SoulShine LIVE! in Seaside Heights, NJ
Colors paint the blue sky this Thursday, August 25, 20222 evening in Seaside Heights, NJ as music lovers await a free concert on the beach by SoulShine. SoulShine is a New York-based ensemble that provides listeners with the experience of attending a live concert by the classic Southern rock group, The Allman Brothers Band.
Following the announcement, “Presenting SoulShine, The Allman Brothers Experience!” the musicians of Soulshine — rhythm guitarist/vocalist Geoff Hartwell, lead guitarist Norm Dodge, keyboardist/vocalist Chris Burke, bassist Big Bob Goetz, and drummers Rob Wallis and Ron Negro — take the stage.
Opening with “Statesboro Blues,” organist Chris Burke soulfully sings, “Wake up momma/Turn your lamp down low,” before Geoff Hartwell and Norm Dodge wail on their guitars and Big Bob Goetz’s bass rocks to the beat.
Toes tap in the sand and music lovers dance in front of the stage before the crowd reacts with whistles, cheers, and applause.
Drummer Rob Wallis smiles as he and percussion partner Ron Negro lay down the beat on the Allman Brothers’ country rocker, “Blue Sky.”
Following enthusiastic applause, Geoff Hartwell greets the crowd asking, “How you guys doing?” before joking,” It’s legal to sing and dance!” and declaring, “We love this place! Thank you for coming and hanging out with us!”
Hartwell sings lead on the country-rock ballad, “Sweet Melissa.” With his clear, resonant voice he croons, “Crossroads, seem to come and go” as the sky intensifies in shades of pink behind him.
Music lovers on the beach applaud when they recognize the introduction to “Ain’t Wastin’ Time No More.” Chris Burke handles the lead as he soulfully sings, “With the help of God and true friends, I’ve come to realize/I still have two strong legs, and even wings to fly,” before Norm Dodge electrifies the crowd with a guitar solo.
Following the lesser-known Allman Brothers’ tune, “No One to Run With,” a highlight of SoulShine’s set tonight is the group’s interpretation of “In Memory of Elizabeth Reed.” Guitars harmonize in sync to the smooth Latin-like intro on this instrumental number before the band pushes up the tempo as if to accompany the speed of the rides on Casino Pier behind the stage.
The crowd cheers for Chris Burke’s swirling and percussive Hammond organ solo and a double drum solo which has Rob Wallis and Ron Negro communicating in a rhythmic language all their own.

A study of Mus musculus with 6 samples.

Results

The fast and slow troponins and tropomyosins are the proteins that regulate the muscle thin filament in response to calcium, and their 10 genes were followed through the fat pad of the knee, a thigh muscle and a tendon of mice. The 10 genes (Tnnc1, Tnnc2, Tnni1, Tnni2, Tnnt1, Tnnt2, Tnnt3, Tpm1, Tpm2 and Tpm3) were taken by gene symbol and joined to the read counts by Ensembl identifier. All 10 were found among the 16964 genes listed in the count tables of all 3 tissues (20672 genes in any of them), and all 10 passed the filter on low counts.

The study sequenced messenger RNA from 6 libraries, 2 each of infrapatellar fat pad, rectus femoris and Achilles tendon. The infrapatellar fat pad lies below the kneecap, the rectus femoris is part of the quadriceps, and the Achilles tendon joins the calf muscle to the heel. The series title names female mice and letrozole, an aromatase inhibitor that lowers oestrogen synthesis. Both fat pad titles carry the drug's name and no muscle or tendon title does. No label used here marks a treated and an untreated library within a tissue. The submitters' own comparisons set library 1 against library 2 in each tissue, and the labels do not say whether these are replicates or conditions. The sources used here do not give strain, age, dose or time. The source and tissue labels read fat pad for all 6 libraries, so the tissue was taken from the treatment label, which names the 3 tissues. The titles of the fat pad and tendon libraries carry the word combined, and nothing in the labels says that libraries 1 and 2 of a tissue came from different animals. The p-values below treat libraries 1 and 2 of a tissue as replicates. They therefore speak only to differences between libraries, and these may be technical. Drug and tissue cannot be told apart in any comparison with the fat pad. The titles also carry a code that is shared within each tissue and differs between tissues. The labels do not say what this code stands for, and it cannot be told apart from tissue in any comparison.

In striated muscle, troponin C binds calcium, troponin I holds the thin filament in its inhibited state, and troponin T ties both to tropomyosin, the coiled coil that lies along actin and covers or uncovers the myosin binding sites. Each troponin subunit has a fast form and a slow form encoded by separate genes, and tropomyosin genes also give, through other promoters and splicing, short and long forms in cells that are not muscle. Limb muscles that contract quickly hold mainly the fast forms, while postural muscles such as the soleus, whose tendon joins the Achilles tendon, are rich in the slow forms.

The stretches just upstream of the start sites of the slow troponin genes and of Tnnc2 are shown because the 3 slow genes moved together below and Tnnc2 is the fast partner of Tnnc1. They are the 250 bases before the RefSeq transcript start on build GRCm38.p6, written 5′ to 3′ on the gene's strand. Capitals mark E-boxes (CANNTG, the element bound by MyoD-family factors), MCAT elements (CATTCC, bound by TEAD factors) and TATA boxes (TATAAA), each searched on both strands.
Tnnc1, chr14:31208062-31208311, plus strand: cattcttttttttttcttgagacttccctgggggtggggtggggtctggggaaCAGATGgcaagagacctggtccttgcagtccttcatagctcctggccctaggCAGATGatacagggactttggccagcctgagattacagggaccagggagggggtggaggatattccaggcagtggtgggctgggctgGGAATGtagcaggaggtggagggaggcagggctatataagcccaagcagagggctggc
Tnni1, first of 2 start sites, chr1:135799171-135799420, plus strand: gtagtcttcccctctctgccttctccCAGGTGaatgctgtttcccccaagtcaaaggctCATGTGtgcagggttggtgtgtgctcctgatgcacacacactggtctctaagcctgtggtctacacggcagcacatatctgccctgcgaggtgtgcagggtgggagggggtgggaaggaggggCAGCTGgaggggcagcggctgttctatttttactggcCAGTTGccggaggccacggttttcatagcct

Norm Dodge exclaims, “It’s great to see you guys — you look terrific — and what a beautiful night!” before he and the band segue into “Revival.” Music lovers in the sand join in singing with the band on the song’s universal “People can you feel it/Love is everywhere” message.
The crowd vibes to SoulShine’s rendition of “Southbound,” a funky Allman Brothers’ number which features Chris Burke channeling vocalist Gregg Allman as he cries, “Well I’m Southbound/Lord I’m comin’ home to you.” Audience members dance in front of the stage to the funky rhythm before responding with avid cheers and applause.
The free-flowing Southern rock instrumental, “Jessica,” is up next where Geoff Hartwell and Norm Dodge play their guitars in harmony under the spotlights. Burke performs an expressive honky-tonk piano solo before joining the rhythm section playing both piano and Hammond organ simultaneously with textbook precision.
Norm Dodge looks out at the large crowd by the sea and declares, “You have no idea how cool you look out there right now!” before he and the band launch into “Dreams.”
Hartwell sings lead, Dodge plays a slide guitar solo, and Big Bob Goetz plays his bass downstage by the guitarists as they contrast and compliment one another on this mystical composition.
Four-part harmonies ring out on “Midnight Rider” as the musicians soulfully cry out, “I’ve got one more silver dollar.” The crowd joins in singing the well-known “Not gonna let ’em catch the midnight rider” refrain before Dodge dazzles with a solo on his golden Les Paul.
The band members perform their namesake Allman Brothers’ song, “Soul Shine,” and music lovers join in them in singing the song’s catchy “Soul shine/It’s better than sunshine/It’s better than moonshine/Damn sure better than rain” chorus.
Concertgoers in the sand cheer when they recognize the bouncy guitar intro to “Ramblin’ Man.”
The beach crowd happily sings along with Hartwell on the famous “Lord, I was born a ramblin’ man” chorus of this number which was The Allman Brothers’ first and only Top 10 single.
To conclude their set, the SoulShine musicians perform their version of “One Way Out,” where Burke’s bluesy voice carries the lead before he slaps the keys of his organ while soloing and audience members dance and sing along before standing and cheering in the sand.
For an encore, the group performs a spot-on rendition of The Allman Brothers’ “Whipping Post.” Audience members sing and dance beside the waves to the soulful “Sometimes I feel/Sometimes I feel/Like I’ve been tied to the whippin’ post” chorus. With music lovers still standing and cheering on the beach, the members of SoulShine say goodnight by announcing, “Take care of each other and take care of yourselves. We love you!”